What is Age-Related Macular Degeneration?

What is Age-Related Macular Degeneration?

Age-related macular degeneration, often indicated as AMD, is an eye disease that affects your central vision.

The macula is the central part of the retina located at the back of the eye. It is responsible for detailed vision. With macular degeneration, you will lose the ability to see things directly in front of you. Daily activities such as reading, driving, and recognizing people’s faces require seeing detail and are therefore most affected.


There are two types of AMD:

Dry AMD is most common and accounts for 90% of all cases. It develops when tiny clumps of protein, called drusen, form under your macula. These protein deposits can thin your macula. Dry AMD is considered milder and generally develops slowly over time.

Wet AMD is less common but more serious. It’s characterized as scarring caused by bleeding of weak blood vessels or growth of abnormal blood vessels under the retina. This form of age-related macular degeneration can quickly lead to central vision loss.

Dry AMD can develop into wet AMD at any time.


What are the symptoms of AMD?

Patients don’t experience pain with AMD. Symptoms most commonly include vision changes and may progress slowly or quickly.

In the early stages of AMD, you may be symptom-free. AMD can only be identified by having a comprehensive eye exam.

AMD is a progressive disease. Initially, symptoms may include blurred central vision, dark spots or missing areas in your vision, and straight lines appearing wavy or distorted.

In the late stages of AMD, you may experience a complete loss of central detailed vision.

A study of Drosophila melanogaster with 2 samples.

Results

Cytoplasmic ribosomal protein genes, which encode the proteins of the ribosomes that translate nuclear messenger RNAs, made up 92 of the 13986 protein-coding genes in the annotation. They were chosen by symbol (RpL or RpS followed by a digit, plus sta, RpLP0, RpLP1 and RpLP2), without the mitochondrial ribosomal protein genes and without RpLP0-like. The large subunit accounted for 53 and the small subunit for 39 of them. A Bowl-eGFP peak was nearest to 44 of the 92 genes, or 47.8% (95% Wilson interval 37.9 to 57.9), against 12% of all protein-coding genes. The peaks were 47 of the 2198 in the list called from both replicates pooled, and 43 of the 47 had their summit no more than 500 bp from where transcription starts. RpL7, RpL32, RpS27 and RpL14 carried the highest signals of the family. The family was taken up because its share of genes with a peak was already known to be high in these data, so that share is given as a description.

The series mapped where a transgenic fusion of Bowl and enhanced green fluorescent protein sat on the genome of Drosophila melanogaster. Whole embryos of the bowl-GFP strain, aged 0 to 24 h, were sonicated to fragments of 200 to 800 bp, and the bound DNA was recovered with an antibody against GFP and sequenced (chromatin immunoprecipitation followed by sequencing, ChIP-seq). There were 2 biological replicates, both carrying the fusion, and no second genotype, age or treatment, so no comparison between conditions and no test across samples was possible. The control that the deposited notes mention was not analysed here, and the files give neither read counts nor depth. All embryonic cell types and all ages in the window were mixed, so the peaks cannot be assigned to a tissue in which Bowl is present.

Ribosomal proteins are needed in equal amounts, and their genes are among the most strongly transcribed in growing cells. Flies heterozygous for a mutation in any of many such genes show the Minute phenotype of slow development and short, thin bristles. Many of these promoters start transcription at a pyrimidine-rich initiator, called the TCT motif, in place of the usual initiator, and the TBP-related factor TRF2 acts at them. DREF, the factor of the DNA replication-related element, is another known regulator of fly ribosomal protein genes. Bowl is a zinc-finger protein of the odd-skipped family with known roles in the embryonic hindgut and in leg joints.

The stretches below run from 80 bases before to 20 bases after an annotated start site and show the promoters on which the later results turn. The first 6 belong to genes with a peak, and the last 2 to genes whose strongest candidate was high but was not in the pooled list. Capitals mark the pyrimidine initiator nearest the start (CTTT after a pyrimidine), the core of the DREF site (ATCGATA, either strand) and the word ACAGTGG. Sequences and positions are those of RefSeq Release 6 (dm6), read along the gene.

Who’s at risk of developing AMD?

Age is a risk factor for this disease. AMD is the leading cause of blindness in North American adults over the age of 50.

Other risk factors include smoking, extensive UV light exposure, a family history of AMD, and cardiovascular disease.


Diagnosing AMD

A comprehensive routine eye exam is essential to detecting age-related macular degeneration. A dilated check of the person’s eye health using a special microscope allows the optometrist to look directly into the back of the person’s eye to observe for signs of AMD.

To retrieve detailed images of the back of the eye, OCT, optical coherence tomography, may be utilized. OCT imaging will help the optometrist identify and monitor any changes to the macula.

Along with an Amsler grid, a visual field test may be conducted to detect the extent of functional vision loss, a symptom of AMD.


Can you treat AMD?

In the early stages of AMD, the optometrist may recommend dietary supplements, self-monitoring of vision at home with an Amsler grid, and routine eye exam to monitor progression as treatment options.

In the later stages of AMD, treatment options may include eye injections to prevent further leakage of blood vessels to minimize vision loss.


How can AMD be prevented?

By implementing certain habits, you can slowly and potentially prevent the development of age-related macular degeneration:

  • Wearing UV 400 protective glasses and sunglasses when you’re outdoors (even in low light conditions)
  • Living a healthy lifestyle, including routine exercise
  • Keeping your blood pressure under control and reducing the intake of fatty foods
  • Consuming a nutrient-rich diet, including healthy eye foods rich in antioxidants, vitamins C and #, zinc, copper, and omega-3 fatty acids. These foods include dark leafy greens, fruits and vegetables, and fish.
  • Routine comprehensive eye exams are essential for early detection and prevention.

AMD and Low Vision

Low vision is the loss of eyesight that makes everyday tasks difficult. As AMD progresses, low vision aids can help patients maximize their remaining vision. Your optometrist can prescribe magnifiying devices to help your distance and near vision. While these aids will not restore sight, they can improve functional vision to help people go about their daily activities.

To learn more about low vision rehabilitation, schedule an appointment with Dr. Camorlinga, who specializes in low vision.


Click here to easily book your appointment online!